GEORGE TOWN, Cayman Islands — Gustav became a hurricane again Friday as it moved through the Cayman Islands, the start of a buildup that could take it to the U.S. Gulf Coast as a fearsome Category 3 storm three years after Hurricane Katrina.
New forecasts Friday made it increasingly clear that New Orleans will get some kind of hit — direct or indirect — by early next week. That raised the likelihood that people would have to flee, and the city suggested a full-scale evacuation call could come as soon as Sunday.
The National Hurricane Center in Miami said Gustav could grow to a Category 3 storm, with winds above 111 mph, by the time it hits the Gulf Coast. Gustav could strike anywhere from the Florida Panhandle to Texas, but forecasters said there is a better-than-even chance that New Orleans would get slammed by at least tropical-storm-force winds.
The hurricane center said top winds increased to near 80 mph. Late Friday, Gustav was centered 25 miles west-southwest of Little Cayman Island and moving northwest near 10 mph, according to the Hurricane Center. Top winds were about 80 mph.
Gustav, which killed 71 people in the Caribbean, reached the Cayman Islands, a tiny offshore tax haven studded with resorts and cruise-ship souvenir shops, on Friday evening before crossing Cuba's cigar country and heading into the Gulf of Mexico by Sunday.
"Gustav could become a major hurricane near the time it crosses western Cuba," the Hurricane Center said.
The storm killed four people in a daylong march across the length of Jamaica, where it ripped off roofs and downed power lines. About 4,000 people were displaced from their homes, with about half relocated to shelters.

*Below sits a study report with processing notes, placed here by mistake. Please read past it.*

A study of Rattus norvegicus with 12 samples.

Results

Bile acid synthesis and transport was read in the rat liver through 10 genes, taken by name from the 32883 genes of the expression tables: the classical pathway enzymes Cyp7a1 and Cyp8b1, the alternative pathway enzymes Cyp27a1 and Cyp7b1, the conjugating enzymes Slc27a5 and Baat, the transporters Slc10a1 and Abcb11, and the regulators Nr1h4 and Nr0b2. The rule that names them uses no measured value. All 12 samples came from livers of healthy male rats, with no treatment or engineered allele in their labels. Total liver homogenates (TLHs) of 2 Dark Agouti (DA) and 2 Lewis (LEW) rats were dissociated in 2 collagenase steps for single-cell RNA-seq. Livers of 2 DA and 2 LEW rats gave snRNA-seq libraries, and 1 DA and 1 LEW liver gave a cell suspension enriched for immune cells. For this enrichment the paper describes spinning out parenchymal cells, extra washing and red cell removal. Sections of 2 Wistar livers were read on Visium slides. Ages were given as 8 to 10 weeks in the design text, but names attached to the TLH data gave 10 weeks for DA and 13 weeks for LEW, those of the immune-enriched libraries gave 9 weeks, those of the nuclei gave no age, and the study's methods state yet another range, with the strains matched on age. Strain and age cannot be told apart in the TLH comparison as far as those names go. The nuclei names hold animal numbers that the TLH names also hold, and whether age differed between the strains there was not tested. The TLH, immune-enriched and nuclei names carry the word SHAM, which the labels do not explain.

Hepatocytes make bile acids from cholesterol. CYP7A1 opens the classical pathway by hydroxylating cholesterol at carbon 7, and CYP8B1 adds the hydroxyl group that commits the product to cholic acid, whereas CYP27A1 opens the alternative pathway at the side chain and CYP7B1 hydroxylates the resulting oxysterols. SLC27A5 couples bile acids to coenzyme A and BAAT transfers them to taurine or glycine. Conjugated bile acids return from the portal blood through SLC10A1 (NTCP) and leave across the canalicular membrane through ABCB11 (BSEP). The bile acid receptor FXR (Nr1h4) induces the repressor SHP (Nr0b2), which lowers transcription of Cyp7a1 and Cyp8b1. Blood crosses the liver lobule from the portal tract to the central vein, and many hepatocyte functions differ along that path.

At least 59 people died in Haiti and eight in the Dominican Republic.
As much as 80 percent of the Gulf of Mexico's oil and gas production could be shut down as a precaution if Gustav enters as a major storm, weather research firm Planalytics predicted. Oil companies have already evacuated hundreds of workers from offshore platforms.
Retail gas prices rose Friday for the first time in 43 days as analysts warned that a direct hit on gulf energy infrastructure could send pump prices hurtling toward $5 a gallon. Crude oil prices ended slightly lower as some traders feared supply disruptions and others bet the government will release supplies from the Strategic Petroleum Reserve.
President Bush declared an emergency in Louisiana, a move that allows the federal government to coordinate disaster relief and provide assistance in storm-affected areas. Officials in Washington and New Orleans expressed confidence that construction of massive floodgates would provide adequate protection against Gustav.
Thunderstorms associated with Gustav were bringing heavy downpours Friday to parts of central Cuba and evacuations were ordered in flood-prone areas. Authorities in tobacco-rich western Cuba, where Gustav is expected to cross the island, hauled 465,000 sacks of tobacco to higher ground for safekeeping and began distributing extra rations of milk and bread.